Here are four key ways a drone might come in handy on your next project.
2018 is the year drone use will take off for real among building contractors, predicts Helge Jacobsen, United Rentals’ vice president for operations excellence and general manager of the company’s Advanced Solutions Group.
Are you wondering how you might use one to boost safety and efficiency on your next large project? Here are four key ways a drone might come in handy.
At the beginning of a project, contractors typically use survey teams to provide an accurate reading of the site’s topography. Depending on the size of the site, that process might take weeks. “Using drones, however, you can get a survey-grade view of a site almost immediately — at the click of a button — for about one-tenth of the cost,” said Jacobsen.
Once site work begins, images from drone flyovers can provide information on the depth of a hole or trench or the height of a dirt pile. They give project managers an overall view of the site so they can be sure they have created the required topography.
“Today that is an incredibly expensive and manual process because surveyors have to be constantly on site tracking that progress. It’s also somewhat dangerous, because the surveyors are working around the machines that are on the ground. With a drone, we can do that same work with no safety risk and at a fraction of the cost,” said Jacobsen.
“With drones, we can take films or stills of the site in a fixed geographic pattern and at a fixed time, like every Monday. We have the analytics to track the changes over time, and you can use that change detection to compare it against the project plans in Autodesk or CAD.”
Drone images provide a very precise measurement of where a project is compared to where it should be, Helge added. “I think that once owners get the sense of what’s possible with drones, they are going to want that level of objectivity on actual progress measured against the plan.”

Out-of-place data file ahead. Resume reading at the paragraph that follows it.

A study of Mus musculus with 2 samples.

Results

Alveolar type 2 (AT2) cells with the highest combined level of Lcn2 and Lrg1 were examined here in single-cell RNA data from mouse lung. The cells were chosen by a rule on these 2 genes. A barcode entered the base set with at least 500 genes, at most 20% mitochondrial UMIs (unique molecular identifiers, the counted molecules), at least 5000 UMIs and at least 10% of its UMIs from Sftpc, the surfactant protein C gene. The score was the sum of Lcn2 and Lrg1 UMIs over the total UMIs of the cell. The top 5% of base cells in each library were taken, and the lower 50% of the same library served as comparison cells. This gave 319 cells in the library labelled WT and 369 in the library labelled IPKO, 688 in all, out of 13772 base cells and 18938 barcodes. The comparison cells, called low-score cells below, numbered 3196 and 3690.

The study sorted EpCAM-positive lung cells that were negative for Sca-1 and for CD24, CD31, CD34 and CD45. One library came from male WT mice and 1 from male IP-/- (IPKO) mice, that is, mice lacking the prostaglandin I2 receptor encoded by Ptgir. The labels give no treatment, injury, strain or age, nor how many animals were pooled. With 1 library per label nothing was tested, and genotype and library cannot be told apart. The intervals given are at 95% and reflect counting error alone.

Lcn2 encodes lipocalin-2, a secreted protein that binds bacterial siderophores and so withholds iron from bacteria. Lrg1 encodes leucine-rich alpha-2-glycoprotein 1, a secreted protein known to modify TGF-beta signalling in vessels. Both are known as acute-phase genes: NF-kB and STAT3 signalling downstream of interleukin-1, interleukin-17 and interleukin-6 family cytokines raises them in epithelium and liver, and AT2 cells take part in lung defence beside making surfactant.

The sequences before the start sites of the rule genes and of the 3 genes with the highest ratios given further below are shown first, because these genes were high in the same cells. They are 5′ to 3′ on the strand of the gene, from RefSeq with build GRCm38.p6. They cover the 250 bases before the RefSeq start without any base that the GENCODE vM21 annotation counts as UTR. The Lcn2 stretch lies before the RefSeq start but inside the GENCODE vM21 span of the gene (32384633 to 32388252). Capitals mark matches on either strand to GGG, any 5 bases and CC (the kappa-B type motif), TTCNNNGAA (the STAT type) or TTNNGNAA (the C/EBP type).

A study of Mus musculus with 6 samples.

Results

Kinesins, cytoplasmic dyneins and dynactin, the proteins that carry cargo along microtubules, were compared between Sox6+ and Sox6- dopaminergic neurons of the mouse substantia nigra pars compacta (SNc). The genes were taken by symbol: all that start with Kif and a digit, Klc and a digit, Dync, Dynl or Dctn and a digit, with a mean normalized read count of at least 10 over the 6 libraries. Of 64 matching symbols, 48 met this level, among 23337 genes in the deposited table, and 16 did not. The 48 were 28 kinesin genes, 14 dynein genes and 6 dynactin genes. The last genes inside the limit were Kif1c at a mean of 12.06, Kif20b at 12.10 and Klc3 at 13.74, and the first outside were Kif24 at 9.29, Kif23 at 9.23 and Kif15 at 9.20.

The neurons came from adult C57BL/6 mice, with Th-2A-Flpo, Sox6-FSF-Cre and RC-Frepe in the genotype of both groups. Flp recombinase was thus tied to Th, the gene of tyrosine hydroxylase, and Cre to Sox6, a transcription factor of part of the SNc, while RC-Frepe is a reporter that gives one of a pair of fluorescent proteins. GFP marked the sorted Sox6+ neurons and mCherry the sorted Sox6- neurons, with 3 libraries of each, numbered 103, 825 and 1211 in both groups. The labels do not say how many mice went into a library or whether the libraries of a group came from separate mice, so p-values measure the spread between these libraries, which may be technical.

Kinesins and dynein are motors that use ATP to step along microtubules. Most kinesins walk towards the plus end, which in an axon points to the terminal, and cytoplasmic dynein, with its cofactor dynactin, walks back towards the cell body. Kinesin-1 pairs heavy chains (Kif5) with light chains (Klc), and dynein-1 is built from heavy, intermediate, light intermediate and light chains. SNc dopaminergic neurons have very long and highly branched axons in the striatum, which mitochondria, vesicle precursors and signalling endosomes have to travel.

“I think that once owners get the sense of what’s possible with drones, they are going to want that level of objectivity on actual progress measured against the plan.”
Materials management is easier when can you see from aerial images exactly where materials are on site at a given point in time. On large jobsites, drones might fly over the site twice a week to keep track of them.
The road structure used to bring materials onto the site also changes over time, and optimizing that structure can be challenging. Drone imagery can help there, too.
As the job progresses, project managers can use drones to perform quality inspections. For example, the inspection of an elevator shaft requires the erection of scaffolding, and a person must crawl up and down that scaffolding to check the space. “But we can fly drones up and down that shaft, and it takes just 15 minutes or so to do that inspection,” said Jacobsen. Using the drone also eliminates the safety risks involved in setting up scaffolding and having a person working at height.
As drone-based inspections become more common on job sites, drone capabilities are also beginning to see adoption in more complex environments, such as bridge and tower inspections, where the safety aspect is even more compelling.
Of course, many contractors aren’t yet deeply familiar with the what, why and how of drone use. If they have a drone plan in place and are doing flyovers, analyzing the data the drone produces is the next big hurdle. “You end up with hundreds of gigabytes of data if you do it yourself,” said Jacobsen. Services like United Rentals’ can help companies make the best use of a drone.
Freelance writer Mary Lou Jay writes about business and technical developments in a variety of industries. She has been covering residential and commercial construction for more than 25 years.